Home Prices Jump Another Percent, Fed Extremely Behind the Inflation Curve

January 26, 2022 Updated: January 26, 2022

Commentary 

Home prices rise another percent according to Case-Shiller. The Fed does not even count that as inflation.

Epoch Times Photo
Case-Shiller National and Top-10 City Home Price Indexes—Data via St. Louis Fed. (Chart by Mish)

Home prices jumped again in November according to the latest Case-Shiller Home Price Report.

  • 10-City: +0.93 percent
  • 20-City: +0.99 percent
  • National: +0.90 percent

CS National, Top 10 Metro, CPI, Owners’ Equivalent Rent (OER)

Epoch Times Photo
Case-Shiller National and Top-10 City Home Price Indexes—Data via St. Louis Fed. (Chart by Mish)

Chart Notes

  • The above chart shows Case-Shiller home price index compared to inflation measures from the Bureau of Labor Statistics (BLS).
  • OER is the mythical price the BLS calculates as if one would rent one’s own house from himself, unfurnished, without utilities.
  • Home prices are not directly in the CPI.
  • OER is the single largest factor with a weight in the CPI of 23.51 percent. Rent of primary residence is 7.58 percent of the CPI.

Home prices disconnected from the CPI in 2000. OER and Rent have been rising much faster than the CPI since about 2015.

This dynamic has fueled more housing speculation. 17 percent of recent home purchases were made by people who already owned a house.

CS National, Top 10 Metro, OER, CPI Year-Over-Year Percent Change

Epoch Times Photo
Case-Shiller Home Prices vs OER, CPI, Rent. (Chart by Mish)

As of November, national home prices are up 18.81 percent from a year ago. The CPI was up 6.81 percent and OER a mere 3.13 percent.

Three Measures of Inflation

Epoch Times Photo
CPI and PCE Measures from the BLS, CSAI Calculation by Mish. (Chart by Mish)

Chart Notes

  • CPI is the Consumer Price Index
  • PCE stands for Personal Consumption Expenditures.
  • CSAI is a Mish calculation derived by substituting actual home prices in the CPI instead of OER.

PCE is the Fed’s preferred measure of inflation. It counts inflation in items paid for on behalf of consumers, primarily medical care (e.g. Medicare, Medicaid, and corporate-paid health care benefits).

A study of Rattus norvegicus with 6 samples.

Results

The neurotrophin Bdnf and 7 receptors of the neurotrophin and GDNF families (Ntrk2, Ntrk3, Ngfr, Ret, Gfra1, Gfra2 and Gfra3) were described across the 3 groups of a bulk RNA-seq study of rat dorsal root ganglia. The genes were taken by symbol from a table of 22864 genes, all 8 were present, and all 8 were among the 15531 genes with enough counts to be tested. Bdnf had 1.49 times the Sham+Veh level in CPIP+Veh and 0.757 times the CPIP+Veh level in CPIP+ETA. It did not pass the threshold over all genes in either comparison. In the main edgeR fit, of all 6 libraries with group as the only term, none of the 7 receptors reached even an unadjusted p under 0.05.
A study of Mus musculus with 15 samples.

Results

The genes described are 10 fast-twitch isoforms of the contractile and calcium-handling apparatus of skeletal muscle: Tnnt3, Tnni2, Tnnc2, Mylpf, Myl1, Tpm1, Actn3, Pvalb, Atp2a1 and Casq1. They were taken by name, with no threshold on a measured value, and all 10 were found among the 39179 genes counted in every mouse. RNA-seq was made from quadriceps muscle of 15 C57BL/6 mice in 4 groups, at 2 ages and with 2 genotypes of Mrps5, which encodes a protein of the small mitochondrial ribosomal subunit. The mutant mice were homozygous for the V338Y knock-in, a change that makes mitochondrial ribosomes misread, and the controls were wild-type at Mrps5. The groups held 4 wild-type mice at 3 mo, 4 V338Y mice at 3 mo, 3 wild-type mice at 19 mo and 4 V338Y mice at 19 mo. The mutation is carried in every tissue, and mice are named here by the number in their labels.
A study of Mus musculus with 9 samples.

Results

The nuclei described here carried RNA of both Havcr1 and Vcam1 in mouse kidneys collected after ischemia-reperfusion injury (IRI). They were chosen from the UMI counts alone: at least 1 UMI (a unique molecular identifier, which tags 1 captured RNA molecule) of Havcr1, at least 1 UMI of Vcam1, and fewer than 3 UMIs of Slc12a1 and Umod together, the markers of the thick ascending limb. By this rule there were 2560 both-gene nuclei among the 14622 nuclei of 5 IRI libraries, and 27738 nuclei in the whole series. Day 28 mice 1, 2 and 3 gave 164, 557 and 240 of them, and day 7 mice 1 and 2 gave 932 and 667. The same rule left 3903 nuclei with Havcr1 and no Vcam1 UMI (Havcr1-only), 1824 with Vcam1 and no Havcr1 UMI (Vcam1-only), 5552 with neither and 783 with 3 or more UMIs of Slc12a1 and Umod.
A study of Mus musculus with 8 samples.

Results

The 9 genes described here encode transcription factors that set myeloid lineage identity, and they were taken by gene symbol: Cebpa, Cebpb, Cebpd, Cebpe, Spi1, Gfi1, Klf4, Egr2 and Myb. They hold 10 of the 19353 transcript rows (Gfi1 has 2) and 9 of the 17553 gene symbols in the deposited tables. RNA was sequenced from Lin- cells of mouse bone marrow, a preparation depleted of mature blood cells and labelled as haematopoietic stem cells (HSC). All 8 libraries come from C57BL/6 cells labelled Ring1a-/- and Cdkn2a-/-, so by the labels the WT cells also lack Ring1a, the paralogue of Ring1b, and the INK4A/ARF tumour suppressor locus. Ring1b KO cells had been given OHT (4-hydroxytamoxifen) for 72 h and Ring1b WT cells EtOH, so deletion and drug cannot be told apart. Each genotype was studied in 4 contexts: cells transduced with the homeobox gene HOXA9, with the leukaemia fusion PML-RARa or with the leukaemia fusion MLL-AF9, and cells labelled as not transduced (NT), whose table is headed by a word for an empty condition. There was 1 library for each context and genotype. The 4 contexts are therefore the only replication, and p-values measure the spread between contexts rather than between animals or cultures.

Accounting for those paid expenses, PCE overweights health care whereas the CPI overweights housing.

Neither the CPI nor PCE directly includes home prices.

The BLS’ rationale is that home prices are a capital good, not a consumer item.

My rationale is so what? The Fed needs to focus on inflation, not just alleged consumer inflation.

Fed Twiddles Thumbs

With its myopic focus on consumer prices instead of all prices, the Fed blew yet another asset bubble.

Prices of all sorts have been skyrocketing. Ask anyone looking to buy a home what it feels like.

An asset bubble has been brewing for years with Fed Chair Jerome Powell twiddling his thumbs. More accurately, Powell wanted higher inflation to make up for the alleged lack of prior inflation.

The Fed could not spot huge inflation underway because it ignored housing and other asset bubbles.

Stock Market Plunge Likely

Add it all up and the liquidity drain by the Fed is highly likely to cause another stock market crash or a long, slow drain like what happened in Japan.

For further discussion and charts, please see “Stocks Hammered with the Nasdaq Plunging Again as Liquidity Dries Up.”

From MishTalk.com

Views expressed in this article are the opinions of the author and do not necessarily reflect the views of The Epoch Times.

Mike Shedlock / Mish is a registered investment advisor for SitkaPacific Capital Management. On my “MishTalk” global economics blog, I write several articles a day on the global economy. Topics include interest rates, central bank policy, gold and precious metals, jobs, and economic reports, all from an Austrian Economic perspective.